Meaningful adversarial testing

There are a variety of criminal defenses which defendants vigorously pursue, with little record of success.  One is the belief that the jury will discount their criminal history if they take the stand and explain that in all those other cases, they pled guilty because they were guilty, and in this one they're going to trial because they're not.  Another is the claim that nobody would be stupid enough to consent to a police search of their person knowing drugs would be found, or commit a crime in front of plenty of witnesses who could easily identify the perpetrator, and so forth.

Yet another is the big dick defense.

This one, used in child rape cases, is what it suggests:  an argument that the defendant could not have had sex with the child because his member is so big the child could not have accommodated it. 

Which brings us to the 8th District's decision a couple weeks back in State v. Quinones

Quinones was charged with multiple counts of the rape, including the anal variety, of his wife's 10-year-old sister.  (The rapes were reported about seven years later.)  His defense was that this type of assault would be anatomically impossible.  Despite the legal problems with that argument which inevitably doom it -- penetration, however slight, is sufficient for completion of the crime -- defense counsel chose to pursue it, and in perhaps the most offensive way possible.

It began with the cross-examination of the social worker, with inquiries as to whether the victim said "if she screamed at all," or if "he used lube of any kind."  It reached full crescendo with the cross-examination of the by-now ex-wife:

Q. Do you know what the charges against Andy are?

A. Yes.

Q. Anal sex and blow jobs; is that correct?

A. Yes.

Q. Being married to Andy for quite some time, did he ever pursue anal sex?

A. Did he pursue anal sex?

Q. Did he like it? Did you guys do it a lot?  Do you remember the first or second time it hurting?

Q. And was there lube involved?

Q. These are personal. I'm sorry.  Did you bleed?

It was topped off by calling a former girlfriend of Quinones for the defense and asking her to describe the size of Quinones' penis.  Then, after she testified that the two had not engaged in anal sex, we have this:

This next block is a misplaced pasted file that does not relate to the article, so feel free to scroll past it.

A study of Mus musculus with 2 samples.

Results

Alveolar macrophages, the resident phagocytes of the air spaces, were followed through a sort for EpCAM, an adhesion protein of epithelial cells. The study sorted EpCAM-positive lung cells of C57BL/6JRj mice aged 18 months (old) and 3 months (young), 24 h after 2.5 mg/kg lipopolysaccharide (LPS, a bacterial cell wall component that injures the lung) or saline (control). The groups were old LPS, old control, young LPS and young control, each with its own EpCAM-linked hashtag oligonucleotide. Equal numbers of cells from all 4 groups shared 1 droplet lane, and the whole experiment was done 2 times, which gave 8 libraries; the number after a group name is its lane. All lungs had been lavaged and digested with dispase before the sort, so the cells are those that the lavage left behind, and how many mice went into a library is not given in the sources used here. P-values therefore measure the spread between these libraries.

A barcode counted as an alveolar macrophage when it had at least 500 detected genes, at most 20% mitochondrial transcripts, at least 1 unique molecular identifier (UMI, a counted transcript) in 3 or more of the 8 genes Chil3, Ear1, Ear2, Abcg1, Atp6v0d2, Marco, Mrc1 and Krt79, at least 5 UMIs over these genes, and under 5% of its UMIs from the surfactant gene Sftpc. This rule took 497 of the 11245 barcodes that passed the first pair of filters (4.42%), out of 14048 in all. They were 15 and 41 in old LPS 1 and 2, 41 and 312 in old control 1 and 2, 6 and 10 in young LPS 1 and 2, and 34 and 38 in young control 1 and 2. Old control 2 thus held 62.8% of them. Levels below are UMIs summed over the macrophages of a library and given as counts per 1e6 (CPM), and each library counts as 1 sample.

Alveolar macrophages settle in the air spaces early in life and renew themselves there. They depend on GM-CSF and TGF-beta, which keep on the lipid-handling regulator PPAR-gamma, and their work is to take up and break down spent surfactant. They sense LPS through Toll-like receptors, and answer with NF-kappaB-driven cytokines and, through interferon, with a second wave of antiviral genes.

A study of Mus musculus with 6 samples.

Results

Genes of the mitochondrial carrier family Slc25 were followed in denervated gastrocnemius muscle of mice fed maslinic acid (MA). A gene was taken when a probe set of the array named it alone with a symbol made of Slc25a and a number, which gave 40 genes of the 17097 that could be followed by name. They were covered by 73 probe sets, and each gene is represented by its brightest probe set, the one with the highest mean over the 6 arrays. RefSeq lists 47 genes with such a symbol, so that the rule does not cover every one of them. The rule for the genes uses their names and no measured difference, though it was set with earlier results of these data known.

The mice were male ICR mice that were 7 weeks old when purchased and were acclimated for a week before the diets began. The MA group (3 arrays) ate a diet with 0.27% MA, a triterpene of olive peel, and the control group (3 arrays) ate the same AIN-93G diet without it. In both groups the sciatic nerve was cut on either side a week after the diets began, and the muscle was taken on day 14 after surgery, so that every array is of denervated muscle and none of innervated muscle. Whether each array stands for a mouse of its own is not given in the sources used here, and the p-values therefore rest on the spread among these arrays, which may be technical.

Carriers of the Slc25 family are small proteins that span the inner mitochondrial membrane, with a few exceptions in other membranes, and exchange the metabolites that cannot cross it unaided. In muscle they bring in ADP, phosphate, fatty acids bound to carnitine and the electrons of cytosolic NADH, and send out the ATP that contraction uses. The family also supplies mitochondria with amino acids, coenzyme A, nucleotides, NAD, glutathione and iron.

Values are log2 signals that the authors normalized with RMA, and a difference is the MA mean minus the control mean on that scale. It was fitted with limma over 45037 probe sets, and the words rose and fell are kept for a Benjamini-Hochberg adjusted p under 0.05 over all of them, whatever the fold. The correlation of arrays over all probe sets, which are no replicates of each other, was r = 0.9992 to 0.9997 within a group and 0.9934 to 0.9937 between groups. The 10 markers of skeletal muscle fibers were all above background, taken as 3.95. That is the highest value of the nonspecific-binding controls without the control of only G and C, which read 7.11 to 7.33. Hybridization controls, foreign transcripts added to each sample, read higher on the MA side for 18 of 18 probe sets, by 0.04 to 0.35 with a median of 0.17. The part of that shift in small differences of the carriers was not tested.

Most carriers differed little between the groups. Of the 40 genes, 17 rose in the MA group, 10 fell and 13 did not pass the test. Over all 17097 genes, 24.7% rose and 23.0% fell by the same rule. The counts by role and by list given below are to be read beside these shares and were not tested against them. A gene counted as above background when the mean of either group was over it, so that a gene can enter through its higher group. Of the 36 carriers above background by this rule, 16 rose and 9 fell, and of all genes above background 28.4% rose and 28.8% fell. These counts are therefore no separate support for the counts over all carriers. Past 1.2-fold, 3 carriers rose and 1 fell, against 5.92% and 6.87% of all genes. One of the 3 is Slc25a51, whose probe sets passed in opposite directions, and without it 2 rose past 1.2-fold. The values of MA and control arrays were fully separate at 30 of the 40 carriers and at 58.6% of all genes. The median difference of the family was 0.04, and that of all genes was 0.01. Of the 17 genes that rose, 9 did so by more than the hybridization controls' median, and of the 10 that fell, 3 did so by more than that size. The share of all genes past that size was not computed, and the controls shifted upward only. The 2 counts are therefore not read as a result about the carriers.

Q. Okay. And if Andrew -- actually, if Andy tried to have anal sex with you, can you tell this court how that would feel to you?

[PROSECUTOR]:  Objection.

Q.  Using your best guess.

Simply put, the trial was a train wreck.  In addition to this, we have the lawyer eliciting from the social worker, the ex-wife, and the detective that they all believed the victim.  As if further demonstration that criminal law was not the attorney's milieu, he asked for judgment notwithstanding the verdict at the close of the State's case.

The 8th District affirmed Quinones' conviction and 10-to-life sentence, and not without basis.  Much of the attorney's failings get swept under the rug of "trial strategy and tactics."  And one of the things I didn't tell you was that this was a trial to the bench, where the judge is deemed to have considered only admissible evidence; in fact, he stated on the record that he'd discounted the police officer's testimony about finding the victim credible and Quinones evasive.  (The latter was brought out by defense counsel in cross-examination.)

But one of the other things I didn't tell you is that this was the second trial.  The first was a jury trial, with a different lawyer, where the jury hung 6-6.  Given that, it's a little bit tough to swallow the panel's finding that there was no "reasonable probability that the outcome of the proceedings would have been different but for defense counsel's deficient performance." 

I wasn't at the trial, and I only have the transcripts to go by.  (One of the other things I didn't tell you was that I handled the appeal.)  Maybe the girl came across very credibly.  Maybe the jurors who wouldn't convict in the first trial got hung up on the late reporting or the lack of forensic evidence.  I don't really know.  The judge who tried the second case is a top-notch jurist, and he may very well have been able to separate the wheat from the chaff.

But there's a good quote from the Supreme Court's decision in US v. Cronic:

The right to the effective assistance of counsel is thus the right of the accused to require the prosecution's case to survive the crucible of meaningful adversarial testing...  [I]f the process loses its character as a confrontation between adversaries, the constitutional guarantee is violated. . . While a criminal trial is not a game in which the participants are expected to enter the ring with a near match in skills, neither is it a sacrifice of unarmed prisoners to gladiators. 

The primary concern in a criminal case is the accuracy of the result; we don't want innocent people going to prison.  It's certainly possible, hell, I don't know, it may even be likely, that Andrew Quinones committed the crimes he was charged with.  But ensuring that the correct result was reached assumes that the procedure utilized in arriving at that result was fundamentally fair.  At a certain point, a trial goes so far off the rails that we cannot have any confidence in its outcome.  You can make a pretty good argument that Quinones' trial did, and that indeed the performance of his attorney resulted in little more than the sacrifice of an unarmed prisoner to gladiators.